College Hills folks don't like to leave


Newcomers attracted to charm and privacy in tight-knit community

July 28, 2002|By Nancy Jones-Bonbrest | Nancy Jones-Bonbrest,SPECIAL TO THE SUN

After a change in jobs, Christine Barker decided to relocate from Roland Park to a more convenient location.

So about a year ago, she decided to buy in College Hills, a section of Catonsville tucked away on property surrounding Catonsville Community College.

"I was living in Roland Park and changed jobs to Howard County," Barker said. "I couldn't imagine trying to get across the Beltway every day. So this area had easy access. But I'm still close to Baltimore. In fact, I'm closer getting to the Inner Harbor here than I was in Roland Park."

Although she left a townhouse in Roland Park with "lots of charm" she says her new townhouse is just as wonderful.

"This place gave me almost as much space as I had before," Barker said. "What's really great is, in front of me I have an open center with grass, and behind me it's all woods."

College Hills is divided into four sections built in several stages by several builders. The 130-acre property has just over 250 homes of varying styles and was developed in the late 1980s by Greenebaum & Rose Associates.

The neighborhood is laid out over small, winding cul-de-sacs that offer privacy and very little traffic from the nearby busy Catonsville streets.

The first two sections of College Hills were designated for single-family homes, but the topography of the area - with steep stream valleys and rock - begged for the remaining sections to be clustered homes. Although the cluster homes were contested by the surrounding Catonsville neighborhood, once the development was finished it became a popular choice for homeowners.

"Catonsville is a very tight-knit, close community where people often don't move far from," said Susan Wiest, a real estate agent with Coldwell Banker Residential Brokerage in Catonsville.

"People stay here for generations and they all know each other," Wiest said. "This area is especially attractive to Catonsville families that didn't want to leave the community but wanted new construction. There are very few new-home developments in this area."

The homes vary between sections but include large townhouses, cluster homes and single-family homes. Prices range between the mid-$200,000s and just under $300,000.

"People like raising their families here," Wiest said. "It's very quiet, convenient and comfortable. And it's not very transient. There's a strong sense of roots."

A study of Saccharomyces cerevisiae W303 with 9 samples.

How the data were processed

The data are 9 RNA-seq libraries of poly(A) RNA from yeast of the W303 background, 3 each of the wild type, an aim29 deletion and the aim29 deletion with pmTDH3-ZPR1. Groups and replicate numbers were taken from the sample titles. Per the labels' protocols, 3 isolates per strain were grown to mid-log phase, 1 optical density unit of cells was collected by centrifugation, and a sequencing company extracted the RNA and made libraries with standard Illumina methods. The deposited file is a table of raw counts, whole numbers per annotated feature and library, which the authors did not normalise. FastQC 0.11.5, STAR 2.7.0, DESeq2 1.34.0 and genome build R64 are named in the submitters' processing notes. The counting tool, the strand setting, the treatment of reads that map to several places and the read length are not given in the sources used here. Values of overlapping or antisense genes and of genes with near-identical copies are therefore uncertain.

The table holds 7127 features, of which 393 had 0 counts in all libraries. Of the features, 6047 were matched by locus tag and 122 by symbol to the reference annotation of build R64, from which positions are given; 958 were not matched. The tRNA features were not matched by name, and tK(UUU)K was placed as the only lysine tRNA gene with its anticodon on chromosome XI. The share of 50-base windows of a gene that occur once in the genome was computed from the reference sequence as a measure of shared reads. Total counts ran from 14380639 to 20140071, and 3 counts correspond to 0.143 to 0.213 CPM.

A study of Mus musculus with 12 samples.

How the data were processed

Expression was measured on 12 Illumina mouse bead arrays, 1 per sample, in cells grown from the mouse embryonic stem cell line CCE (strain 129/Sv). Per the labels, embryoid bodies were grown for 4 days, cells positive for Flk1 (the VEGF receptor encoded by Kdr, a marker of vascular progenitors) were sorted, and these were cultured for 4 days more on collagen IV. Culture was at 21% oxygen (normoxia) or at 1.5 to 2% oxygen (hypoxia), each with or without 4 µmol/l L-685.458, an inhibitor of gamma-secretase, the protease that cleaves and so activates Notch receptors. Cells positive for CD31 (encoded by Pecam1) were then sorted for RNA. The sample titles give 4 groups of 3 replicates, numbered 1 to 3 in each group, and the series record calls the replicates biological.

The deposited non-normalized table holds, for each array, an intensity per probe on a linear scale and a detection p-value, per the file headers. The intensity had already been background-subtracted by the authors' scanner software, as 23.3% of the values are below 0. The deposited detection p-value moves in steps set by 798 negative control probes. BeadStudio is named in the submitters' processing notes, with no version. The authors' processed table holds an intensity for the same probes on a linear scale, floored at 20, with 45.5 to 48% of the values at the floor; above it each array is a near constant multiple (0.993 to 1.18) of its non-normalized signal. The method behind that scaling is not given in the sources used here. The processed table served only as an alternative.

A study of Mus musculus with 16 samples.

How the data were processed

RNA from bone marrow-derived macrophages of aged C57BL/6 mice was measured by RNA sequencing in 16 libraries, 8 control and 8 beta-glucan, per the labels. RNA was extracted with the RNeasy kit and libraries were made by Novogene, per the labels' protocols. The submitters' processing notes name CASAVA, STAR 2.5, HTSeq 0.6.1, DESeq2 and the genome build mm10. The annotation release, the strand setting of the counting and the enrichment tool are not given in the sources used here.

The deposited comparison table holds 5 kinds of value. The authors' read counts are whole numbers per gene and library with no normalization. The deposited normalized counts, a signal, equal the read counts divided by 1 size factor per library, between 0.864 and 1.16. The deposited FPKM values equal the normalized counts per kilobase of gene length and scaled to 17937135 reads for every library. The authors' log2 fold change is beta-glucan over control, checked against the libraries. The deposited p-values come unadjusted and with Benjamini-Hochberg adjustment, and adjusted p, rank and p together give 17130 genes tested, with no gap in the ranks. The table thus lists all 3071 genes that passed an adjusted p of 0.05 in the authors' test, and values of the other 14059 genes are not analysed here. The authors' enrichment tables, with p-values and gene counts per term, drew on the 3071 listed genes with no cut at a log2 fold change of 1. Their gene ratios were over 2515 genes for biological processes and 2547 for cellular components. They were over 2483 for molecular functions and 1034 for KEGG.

Just as College Hills is popular with families, it seems to be just as much of a magnet for empty nesters and professionals, Wiest said. The most sought-after houses are the townhouses and cluster homes that come with three or four bedrooms, 2 1/2 to three bathrooms and extras such as European kitchens, 9-foot ceilings, garages and master bathroom suites.

Steve and Terry Young moved to a townhouse in the College Hills IV section four years ago after their son, Ryan, started college. Steve said they were looking for a new house with low maintenance and were struck by the number of amenities being offered.

"We lived in Catonsville in an older home. We had 18 oak trees in our yard so I was forever raking and working during the weekends," said Young, the president of the College Hills IV Homeowners Association. "We moved for the conveniences of a new home."

His townhouse has three fireplaces, crown molding and 9-foot ceilings.

Likewise, it didn't take Tom and Josephine DiVincenzo long to decide College Hills was right for them. They were one of the first 10 buyers in the College Hills IV section.

"They're not your typical townhouse," said Tom DiVincenzo, an agent with Century 21 Results Realty in Catonsville. "They look very much the same from the outside, but once you get in, they are 24 feet wide with all the modern amenities."

Tom and Jane White were attracted to the area from nearby Arbutus after Tom, who was attending Catonsville Community College, used to drive by their future single-family house on his way to class. When they saw it was for sale, the Whites jumped on the opportunity and purchased the house in 1996.

"We love this house just as much as we thought we would," Jane White said. "The location is great but you still feel a sense of quiet. The college is behind us; Patapsco State Park is down the street; and the golf course [Rolling Road Country Club] is right behind us. And with cul-de-sacs instead of through streets, it makes it ideal for a quieter community."

The community - the overall Catonsville area as well as College Hills - was also a big draw for the Whites. "Because the College Hills community is on a smaller scale we have gotten to know a lot of our neighbors. It's not uncommon to do a happy hour with several of us in the neighborhood. We also have an annual clean-up and block party. It's a great way to get the neighbors to meet each other," Jane White said. "Also, being next to the college, we can use their fields, tennis courts and track, as well as take classes. They have a tremendous amount to offer and it's right in our back yards."